DWhenever Margot and I get emails asking advice or expressing interest in our craft, we always conclude our correspondence with, “Please send us before and after shots. We LOVE getting emails with photos of your creations!” When we say this, we aren’t paying lip service. We really, really mean it. We love to see and SHARE your artistic visions — like the ones below.

001LindseyCollage1. Lindsey – She found these designer shoes at a consignment shop, perfect fit and shape but she hated the color. A simple makeover using Metallic Pewter transformed them from a strange green-brown into a shimmering darker gray.


I just wanted to share with you a couple pairs of shoes I did using the Lumiere paints.  I was inspired by some wedges that Alisa Burke painted as well as her artwork. I painted for myself some shoes that started out as inexpensive striped espadrilles from Old Navy.  I sketched in my design with pencil and filled it in with the Lumiere paints. I went back and did the dark outlines with Pitt pens. I never did get around to doing a clear coat over everything, but it turned out not to matter.

The paint actually outlasted the life of the shoes with no wear at all after a year and a half!  I stepped in water a couple times wearing them and it seeped up through the jute soles, ruining the insole and making them too uncomfortable to wear anymore. 🙁 I would love to get my hands on some Tom’s peep toed wedge shoes to paint next.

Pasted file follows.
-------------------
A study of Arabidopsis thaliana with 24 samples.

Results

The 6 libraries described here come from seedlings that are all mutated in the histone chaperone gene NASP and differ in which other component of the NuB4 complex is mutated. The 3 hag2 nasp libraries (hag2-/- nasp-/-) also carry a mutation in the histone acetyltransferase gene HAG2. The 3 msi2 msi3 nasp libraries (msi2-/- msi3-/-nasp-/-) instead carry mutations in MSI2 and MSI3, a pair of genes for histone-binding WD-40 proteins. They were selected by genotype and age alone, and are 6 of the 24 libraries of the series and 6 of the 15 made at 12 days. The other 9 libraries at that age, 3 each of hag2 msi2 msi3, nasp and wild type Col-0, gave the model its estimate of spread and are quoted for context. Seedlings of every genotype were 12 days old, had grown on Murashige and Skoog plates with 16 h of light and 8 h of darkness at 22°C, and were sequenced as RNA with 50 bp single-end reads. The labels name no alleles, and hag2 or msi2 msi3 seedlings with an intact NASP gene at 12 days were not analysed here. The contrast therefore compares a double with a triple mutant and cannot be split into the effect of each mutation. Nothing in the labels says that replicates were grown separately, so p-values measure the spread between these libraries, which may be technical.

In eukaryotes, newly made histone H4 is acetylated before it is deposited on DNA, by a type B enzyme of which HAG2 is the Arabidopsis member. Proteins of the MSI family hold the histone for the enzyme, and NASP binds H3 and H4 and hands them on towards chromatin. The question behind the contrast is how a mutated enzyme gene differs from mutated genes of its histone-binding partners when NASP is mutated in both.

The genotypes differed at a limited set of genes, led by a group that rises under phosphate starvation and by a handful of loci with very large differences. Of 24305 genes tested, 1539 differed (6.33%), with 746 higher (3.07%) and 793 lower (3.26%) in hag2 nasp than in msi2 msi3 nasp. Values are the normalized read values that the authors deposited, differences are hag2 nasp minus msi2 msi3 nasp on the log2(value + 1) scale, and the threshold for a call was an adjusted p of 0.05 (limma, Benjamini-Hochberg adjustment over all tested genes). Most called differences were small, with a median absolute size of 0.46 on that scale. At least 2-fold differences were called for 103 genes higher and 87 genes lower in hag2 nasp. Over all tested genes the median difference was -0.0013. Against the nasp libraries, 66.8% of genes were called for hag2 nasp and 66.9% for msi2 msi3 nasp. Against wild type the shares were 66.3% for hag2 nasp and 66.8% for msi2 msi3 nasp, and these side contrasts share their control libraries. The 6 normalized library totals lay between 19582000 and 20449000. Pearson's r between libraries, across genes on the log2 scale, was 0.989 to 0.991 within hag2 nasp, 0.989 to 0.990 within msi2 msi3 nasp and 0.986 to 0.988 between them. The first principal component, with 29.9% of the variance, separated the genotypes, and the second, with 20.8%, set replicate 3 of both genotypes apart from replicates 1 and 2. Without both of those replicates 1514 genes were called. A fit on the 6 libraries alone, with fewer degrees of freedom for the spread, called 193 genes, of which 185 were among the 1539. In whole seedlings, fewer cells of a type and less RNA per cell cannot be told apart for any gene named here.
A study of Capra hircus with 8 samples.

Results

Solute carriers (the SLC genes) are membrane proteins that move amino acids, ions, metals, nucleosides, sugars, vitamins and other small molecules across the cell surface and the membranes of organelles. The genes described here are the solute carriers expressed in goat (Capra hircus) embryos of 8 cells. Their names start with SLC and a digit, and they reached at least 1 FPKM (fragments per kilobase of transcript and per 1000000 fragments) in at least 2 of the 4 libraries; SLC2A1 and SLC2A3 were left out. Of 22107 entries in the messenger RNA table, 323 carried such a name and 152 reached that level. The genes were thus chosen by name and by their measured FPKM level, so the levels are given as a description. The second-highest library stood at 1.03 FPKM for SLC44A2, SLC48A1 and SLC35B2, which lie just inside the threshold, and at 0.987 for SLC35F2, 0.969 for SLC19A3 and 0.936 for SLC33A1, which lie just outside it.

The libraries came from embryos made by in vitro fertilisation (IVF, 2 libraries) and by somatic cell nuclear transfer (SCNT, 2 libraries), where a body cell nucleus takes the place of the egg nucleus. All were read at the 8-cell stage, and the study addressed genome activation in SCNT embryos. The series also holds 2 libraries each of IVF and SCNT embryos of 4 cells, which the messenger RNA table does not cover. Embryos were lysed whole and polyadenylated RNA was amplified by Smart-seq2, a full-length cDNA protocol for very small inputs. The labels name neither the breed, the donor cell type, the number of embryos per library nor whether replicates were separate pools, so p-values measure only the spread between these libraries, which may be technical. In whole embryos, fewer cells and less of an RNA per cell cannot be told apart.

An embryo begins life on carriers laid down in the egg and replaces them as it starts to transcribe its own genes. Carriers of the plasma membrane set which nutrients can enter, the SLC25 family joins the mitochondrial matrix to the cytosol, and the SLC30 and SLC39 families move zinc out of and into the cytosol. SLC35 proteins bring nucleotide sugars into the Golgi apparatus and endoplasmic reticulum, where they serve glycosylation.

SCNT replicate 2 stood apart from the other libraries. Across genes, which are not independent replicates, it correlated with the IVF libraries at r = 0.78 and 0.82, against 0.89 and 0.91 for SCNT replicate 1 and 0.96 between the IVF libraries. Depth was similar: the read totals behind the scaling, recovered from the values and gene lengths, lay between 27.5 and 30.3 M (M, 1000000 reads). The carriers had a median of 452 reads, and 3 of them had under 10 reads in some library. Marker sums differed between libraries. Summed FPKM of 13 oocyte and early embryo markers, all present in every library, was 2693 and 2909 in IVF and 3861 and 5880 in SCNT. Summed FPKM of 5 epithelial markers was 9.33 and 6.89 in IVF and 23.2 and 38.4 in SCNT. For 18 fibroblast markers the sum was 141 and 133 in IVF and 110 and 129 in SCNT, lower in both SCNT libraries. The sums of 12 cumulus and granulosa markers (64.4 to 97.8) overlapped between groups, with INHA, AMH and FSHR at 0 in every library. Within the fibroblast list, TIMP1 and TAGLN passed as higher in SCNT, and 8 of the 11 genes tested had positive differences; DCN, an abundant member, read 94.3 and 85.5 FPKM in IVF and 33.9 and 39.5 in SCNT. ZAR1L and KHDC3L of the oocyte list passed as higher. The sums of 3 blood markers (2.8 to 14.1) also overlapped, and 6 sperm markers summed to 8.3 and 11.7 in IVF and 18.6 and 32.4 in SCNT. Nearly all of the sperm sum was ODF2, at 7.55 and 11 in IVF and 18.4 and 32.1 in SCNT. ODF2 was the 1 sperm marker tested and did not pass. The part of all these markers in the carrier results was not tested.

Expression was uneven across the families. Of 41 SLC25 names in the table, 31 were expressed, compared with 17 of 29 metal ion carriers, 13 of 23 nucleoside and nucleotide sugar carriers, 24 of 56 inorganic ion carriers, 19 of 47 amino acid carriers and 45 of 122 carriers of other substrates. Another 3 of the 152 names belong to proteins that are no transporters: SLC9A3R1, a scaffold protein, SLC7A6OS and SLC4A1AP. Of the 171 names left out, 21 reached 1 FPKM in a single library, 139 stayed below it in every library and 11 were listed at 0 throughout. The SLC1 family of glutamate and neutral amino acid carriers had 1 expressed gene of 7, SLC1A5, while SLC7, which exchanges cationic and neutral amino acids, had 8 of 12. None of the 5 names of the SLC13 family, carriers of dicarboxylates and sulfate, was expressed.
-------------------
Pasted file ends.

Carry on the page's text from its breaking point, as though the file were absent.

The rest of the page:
The sneakers I painted for my niece. I did them so from one side it looked like the were all floral and from the other side, all swirly polka dots.  She had seen some that my now 10-year-old daughter and I painted together (they are too filthy to share at this point) and wanted some for herself. They are so fun to do!

Thanks for all of the great inspiration you provide on a regular basis!  I really love the pink tennies you blogged about recently and would love to do a pair for myself! (maybe in turquoise, though) :).


I used Metallic Pewter with Neopaque Black added to get the dark silver shade I wanted. Then I used the stamp-pad ink you recommended (StazOn or Adirondack alcohol ink) on the sole. I also used straight Neopaque Black diluted with some water on the inside fabric part that would show while wearing them.


Lynda Criswell -red with uncoiled zipperThanks for showing me how to update these expensive monsters. I actually get compliments on…my shoes!  Thanks to you! I do not want to mislead you, however.  Not all of them are orthotic, but they are all high quality, supportive, and usually ugly.  The best example is the red one with the uncoiled zipper down the front.

Nicely transformed, Lynda.



I believe the fish are Metallic Gold, along with Pearl Magenta and Burgundy.I wanted something fun, something that screams Hawaii, beach, ocean.  The reason I went with that color for the ocean was because my niece mentioned something about “greenish” and “guava,”and I thought the Halo Blue and Pink Gold represented these two colors very well.